Saturday, September 29, 2007

Stressed Populations

Fear and Violence in Stressed Populations
Stress, Violence and Peace in the Balkans
Dai Williams, 27th April 1999
Courtesy of The Eos Life-Work Resource Centre

Williams explains, that, “Stress arises when the combination of internal and external pressures exceeds the individual's resources to cope with their situation. Stress may develop from chronic (ongoing) or acute (sudden) pressures. As general pressures increase on a population - economic, environmental or political - then a greater proportion of individuals are likely to cross the threshold from anxiety to panic or violence.

Physical and mental behaviour in the stress zone is determined by the fight or flight response, when threat or fear triggers an adrenaline reaction. Civilised cultures try to suppress the fight response or channel aggression into other activities e.g. sport. But it is latent in most people, restrained only by codes of social behaviour. In war (or criminal) situations these codes and restraints break down, potentially liberating great brutality, or are redefined to make violence a duty.”

The psychological climate of a community or population determines what percentage of the population may resort to organised or mindless violence. If a population is already stressed every additional source of stress increases the probability and number of individuals that will become violent. For example an individual whose relative has been killed or maimed, is more likely to take violent action themselves. This has been found in research into the background of terrorists in Northern Ireland. As these pressures increase then normal social and moral restraints become weaker.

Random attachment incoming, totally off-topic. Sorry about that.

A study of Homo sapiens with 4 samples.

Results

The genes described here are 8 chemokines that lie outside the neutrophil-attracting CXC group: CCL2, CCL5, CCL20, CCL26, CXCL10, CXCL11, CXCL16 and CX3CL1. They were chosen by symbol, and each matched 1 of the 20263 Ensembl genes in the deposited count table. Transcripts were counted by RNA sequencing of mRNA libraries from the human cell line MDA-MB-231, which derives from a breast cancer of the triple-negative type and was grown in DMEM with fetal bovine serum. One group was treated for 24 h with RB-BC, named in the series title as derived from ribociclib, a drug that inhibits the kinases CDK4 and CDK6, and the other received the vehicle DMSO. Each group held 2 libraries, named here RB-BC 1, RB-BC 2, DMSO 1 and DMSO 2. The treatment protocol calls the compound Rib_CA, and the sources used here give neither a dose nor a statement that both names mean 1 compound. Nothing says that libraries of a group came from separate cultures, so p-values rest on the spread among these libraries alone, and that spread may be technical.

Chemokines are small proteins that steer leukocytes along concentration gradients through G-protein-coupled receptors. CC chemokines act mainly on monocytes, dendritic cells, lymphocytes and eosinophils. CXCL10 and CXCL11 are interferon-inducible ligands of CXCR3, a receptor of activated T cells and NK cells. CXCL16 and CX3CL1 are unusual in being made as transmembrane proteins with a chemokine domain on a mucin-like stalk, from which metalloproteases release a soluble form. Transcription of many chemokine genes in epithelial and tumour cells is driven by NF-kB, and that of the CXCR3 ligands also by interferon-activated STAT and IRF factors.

These patterns indicate that violence is a last resort in a stressed population. The existence of violence is a warning that the population is already over-stressed for reasons that are usually obvious.

If violence is the only way to restrain violent individuals or groups it must be very carefully limited. Collateral damage is psychological as well as physical, increasing fear and the potential for anger and violence in a much larger population. The key task in peacemaking is to reduce and minimise all avoidable sources of stress - military, economic, environmental as well as political.